Shanti Nachtergaele: The Birth of Modern Double Bass Playing at the Prague and Paris Conservatories


Congratulations to Shanti Nachtergaele, a current PhD student in the musicology program, who was awarded a Vanier Scholarship through the Social Sciences and Humanities Research Council for her project “The Birth of Modern Double Bass Playing at the Prague and Paris Conservatories.”

An accomplished double bass player and musicologist herself, Shanti holds a B.Mus. in double bass performance from Shenandoah Conservatory (USA), an M.Mus. in early music from the Royal Conservatoire of The Hague (The Netherlands) and an M.A. in music theory and history from The Pennsylvania State University (USA). She has presented at various conferences in North America and Europe and her article “From divisions to divisi: improvisation, orchestration, and the practice of double bass reduction” is forthcoming in Early Music.She is currently at Schulich studying with Tom Beghin.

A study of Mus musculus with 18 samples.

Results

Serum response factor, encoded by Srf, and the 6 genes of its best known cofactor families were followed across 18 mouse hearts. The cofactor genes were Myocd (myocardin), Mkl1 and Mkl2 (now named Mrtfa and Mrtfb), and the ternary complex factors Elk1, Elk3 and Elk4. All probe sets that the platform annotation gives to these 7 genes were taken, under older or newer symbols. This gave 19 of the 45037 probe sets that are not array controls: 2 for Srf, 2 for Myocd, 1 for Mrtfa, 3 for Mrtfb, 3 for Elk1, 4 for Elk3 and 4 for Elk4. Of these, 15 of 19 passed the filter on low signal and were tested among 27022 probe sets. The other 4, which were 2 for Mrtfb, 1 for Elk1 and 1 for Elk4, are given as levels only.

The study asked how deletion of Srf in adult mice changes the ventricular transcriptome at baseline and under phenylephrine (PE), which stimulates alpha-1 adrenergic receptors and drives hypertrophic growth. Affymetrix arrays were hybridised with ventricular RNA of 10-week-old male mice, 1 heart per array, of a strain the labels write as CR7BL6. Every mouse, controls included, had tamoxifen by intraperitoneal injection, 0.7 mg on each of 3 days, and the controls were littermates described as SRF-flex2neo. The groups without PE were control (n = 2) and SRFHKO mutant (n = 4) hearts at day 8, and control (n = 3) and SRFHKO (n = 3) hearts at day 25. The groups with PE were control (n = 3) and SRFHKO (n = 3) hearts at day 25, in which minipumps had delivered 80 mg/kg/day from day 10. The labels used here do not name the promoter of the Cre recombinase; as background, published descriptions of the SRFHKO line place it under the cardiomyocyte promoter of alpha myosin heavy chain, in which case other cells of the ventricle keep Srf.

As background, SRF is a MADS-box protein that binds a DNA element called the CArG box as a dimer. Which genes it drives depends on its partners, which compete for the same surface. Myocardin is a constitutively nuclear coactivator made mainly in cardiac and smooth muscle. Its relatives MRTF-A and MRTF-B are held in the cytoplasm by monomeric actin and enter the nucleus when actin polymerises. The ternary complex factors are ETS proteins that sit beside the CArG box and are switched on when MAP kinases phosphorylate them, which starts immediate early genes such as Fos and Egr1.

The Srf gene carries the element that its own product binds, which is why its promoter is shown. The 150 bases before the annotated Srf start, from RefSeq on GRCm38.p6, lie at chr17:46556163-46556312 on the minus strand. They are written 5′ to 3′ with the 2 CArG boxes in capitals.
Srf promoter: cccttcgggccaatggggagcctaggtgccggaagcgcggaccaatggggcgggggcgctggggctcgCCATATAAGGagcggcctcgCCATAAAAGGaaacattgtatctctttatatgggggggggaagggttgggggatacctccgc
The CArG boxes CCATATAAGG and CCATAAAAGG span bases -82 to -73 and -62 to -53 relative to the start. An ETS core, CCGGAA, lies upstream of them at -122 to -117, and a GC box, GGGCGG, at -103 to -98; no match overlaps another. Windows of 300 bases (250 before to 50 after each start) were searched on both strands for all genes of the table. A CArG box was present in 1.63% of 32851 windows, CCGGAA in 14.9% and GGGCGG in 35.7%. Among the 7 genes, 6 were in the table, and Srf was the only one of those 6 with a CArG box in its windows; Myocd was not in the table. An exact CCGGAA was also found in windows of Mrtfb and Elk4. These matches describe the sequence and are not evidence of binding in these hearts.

Project Abstract:

While research on early forms of the double bass has made great progress in recent years, few studies investigate how these instruments were actually played. Double bass method books from the late eighteenth and early nineteenth centuries demonstrate greater technical diversity than is observable in performances today; however, this diversity diminished over the course of the nineteenth century as European conservatories established double bass classes and made efforts to standardize technique. I propose to study the role that two particularly influential institutions, the Prague and Paris conservatories, played in standardizing double bass technique and establishing the German and French schools of double bass playing that remain dominant today. I will also experiment with and compare the techniques outlined in historical double bass methods in order to evaluate their potential effects on musical performances.